Saturday, August 28, 2010

Why the Industry Needs Exclusives

Last week at Gamescom, BioWare surprised the world by announcing that Mass Effect 2 is coming to PS3. The series was previously an Xbox 360 and PC exclusive, something that Microsoft fans were quick to point out. And they had a reason to proud, since Mass Effect is one of the most successful and critically acclaimed RPG series ever. PS3 owners who previously missed out on the series are no doubt pleased with the move. But it represents a growing trend that might not be healthy for the industry as a whole.
In the current console generation we have seen a multitude of traditionally-exclusive franchises go multiplatform. Tekken appeared on Xbox 360, while Ninja Gaiden and its sequel came to PS3. Final Fantasy, which had been Sony-exclusive for about 7 iterations (not counting the spin-off Crystal Chronicles and MMO games), went multiplatform. Dead Rising, Lost Planet, BioShock, all started on a single console, but didn't stay that way. For game consumers, it might seem like a golden age, with so many choices available.
But there is a downside to the trend. As there are less and less exclusive games on each console, the reason to own both is dwindling. If nine out of year's top ten titles are on both systems, is it worth a couple hundred dollars to gain access to that last game?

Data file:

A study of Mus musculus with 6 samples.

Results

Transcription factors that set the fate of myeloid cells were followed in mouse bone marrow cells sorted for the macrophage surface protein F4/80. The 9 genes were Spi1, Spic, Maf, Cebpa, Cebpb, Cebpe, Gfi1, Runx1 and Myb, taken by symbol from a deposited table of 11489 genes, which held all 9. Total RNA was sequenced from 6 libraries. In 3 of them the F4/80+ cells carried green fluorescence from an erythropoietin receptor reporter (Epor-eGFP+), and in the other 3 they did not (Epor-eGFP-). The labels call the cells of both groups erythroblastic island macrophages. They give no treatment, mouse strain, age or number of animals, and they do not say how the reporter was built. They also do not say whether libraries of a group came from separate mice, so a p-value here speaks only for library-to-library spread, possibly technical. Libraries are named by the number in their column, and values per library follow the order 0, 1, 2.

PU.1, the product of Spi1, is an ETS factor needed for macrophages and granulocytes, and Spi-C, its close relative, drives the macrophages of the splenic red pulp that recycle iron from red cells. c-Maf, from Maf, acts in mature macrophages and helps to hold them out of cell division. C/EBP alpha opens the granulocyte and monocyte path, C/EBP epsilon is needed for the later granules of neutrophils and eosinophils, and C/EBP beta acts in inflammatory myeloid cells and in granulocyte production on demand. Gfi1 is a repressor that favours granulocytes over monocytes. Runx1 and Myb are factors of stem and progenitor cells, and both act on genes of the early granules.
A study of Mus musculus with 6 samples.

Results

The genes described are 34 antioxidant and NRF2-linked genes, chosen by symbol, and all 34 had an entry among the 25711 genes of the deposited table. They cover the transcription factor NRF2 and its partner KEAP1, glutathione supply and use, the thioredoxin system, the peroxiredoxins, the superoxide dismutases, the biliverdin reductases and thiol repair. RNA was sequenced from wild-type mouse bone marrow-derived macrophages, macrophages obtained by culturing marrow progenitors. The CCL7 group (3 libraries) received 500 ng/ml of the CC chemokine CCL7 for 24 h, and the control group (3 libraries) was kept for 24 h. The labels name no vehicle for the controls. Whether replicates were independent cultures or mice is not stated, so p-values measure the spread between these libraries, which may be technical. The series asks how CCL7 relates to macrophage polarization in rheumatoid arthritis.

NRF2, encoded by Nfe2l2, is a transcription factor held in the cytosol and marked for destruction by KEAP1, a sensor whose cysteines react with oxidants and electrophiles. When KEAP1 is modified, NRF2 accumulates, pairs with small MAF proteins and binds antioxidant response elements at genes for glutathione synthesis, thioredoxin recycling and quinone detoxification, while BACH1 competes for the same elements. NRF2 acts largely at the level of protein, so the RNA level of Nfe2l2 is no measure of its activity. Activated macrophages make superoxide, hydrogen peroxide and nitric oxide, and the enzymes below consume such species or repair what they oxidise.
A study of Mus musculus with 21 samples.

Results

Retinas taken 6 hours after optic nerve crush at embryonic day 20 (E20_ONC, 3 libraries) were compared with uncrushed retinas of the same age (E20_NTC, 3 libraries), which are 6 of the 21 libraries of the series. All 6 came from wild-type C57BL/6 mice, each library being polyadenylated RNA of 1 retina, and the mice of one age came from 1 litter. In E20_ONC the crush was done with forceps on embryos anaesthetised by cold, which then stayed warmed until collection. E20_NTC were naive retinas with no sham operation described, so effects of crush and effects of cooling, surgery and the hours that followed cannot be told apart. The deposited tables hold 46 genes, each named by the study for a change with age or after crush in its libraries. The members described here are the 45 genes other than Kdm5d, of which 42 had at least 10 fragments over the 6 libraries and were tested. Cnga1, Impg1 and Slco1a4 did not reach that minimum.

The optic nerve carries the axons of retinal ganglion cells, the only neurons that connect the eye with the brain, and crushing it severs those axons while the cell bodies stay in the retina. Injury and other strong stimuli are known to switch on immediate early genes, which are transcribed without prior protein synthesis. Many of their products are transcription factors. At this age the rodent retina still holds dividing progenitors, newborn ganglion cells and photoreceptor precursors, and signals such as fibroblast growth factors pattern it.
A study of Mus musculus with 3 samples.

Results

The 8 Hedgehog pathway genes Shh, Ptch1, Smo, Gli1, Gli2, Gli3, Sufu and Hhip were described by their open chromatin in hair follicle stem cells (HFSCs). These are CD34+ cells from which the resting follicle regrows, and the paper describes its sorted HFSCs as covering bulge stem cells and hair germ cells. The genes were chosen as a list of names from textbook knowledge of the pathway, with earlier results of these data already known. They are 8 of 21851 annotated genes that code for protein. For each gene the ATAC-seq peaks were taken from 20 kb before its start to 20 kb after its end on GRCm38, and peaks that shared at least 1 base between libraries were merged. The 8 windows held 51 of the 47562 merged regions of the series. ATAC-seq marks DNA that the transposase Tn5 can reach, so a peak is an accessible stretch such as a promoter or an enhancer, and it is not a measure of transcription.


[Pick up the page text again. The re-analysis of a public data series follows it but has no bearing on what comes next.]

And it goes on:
Master Chief v Solid Snake
The heart of the problem is product differentiation. In any market or industry, each individual competitor needs to mark out their territory, build their brand name, or show the consumers what makes them different. Wal-Mart prides itself on the lowest prices, Target tries to have the best organized and cleanest stores, Best Buy wants the most informed and helpful employees. Each focuses on different aspects of the experience, so that even though all three offer the same games and electronics, there is a reason to shop at all three.
This is just one example, but pick any industry and you'll find the same trend. Musicians try and develop unique styles, car companies have their own flair and features, restaurants specialize in certain foods. If you don't differentiate yourself from your competitor, you become redundant. Look at the failure of K-Mart as a national chain, partially due to its vague standing between Wal-Mart and Target.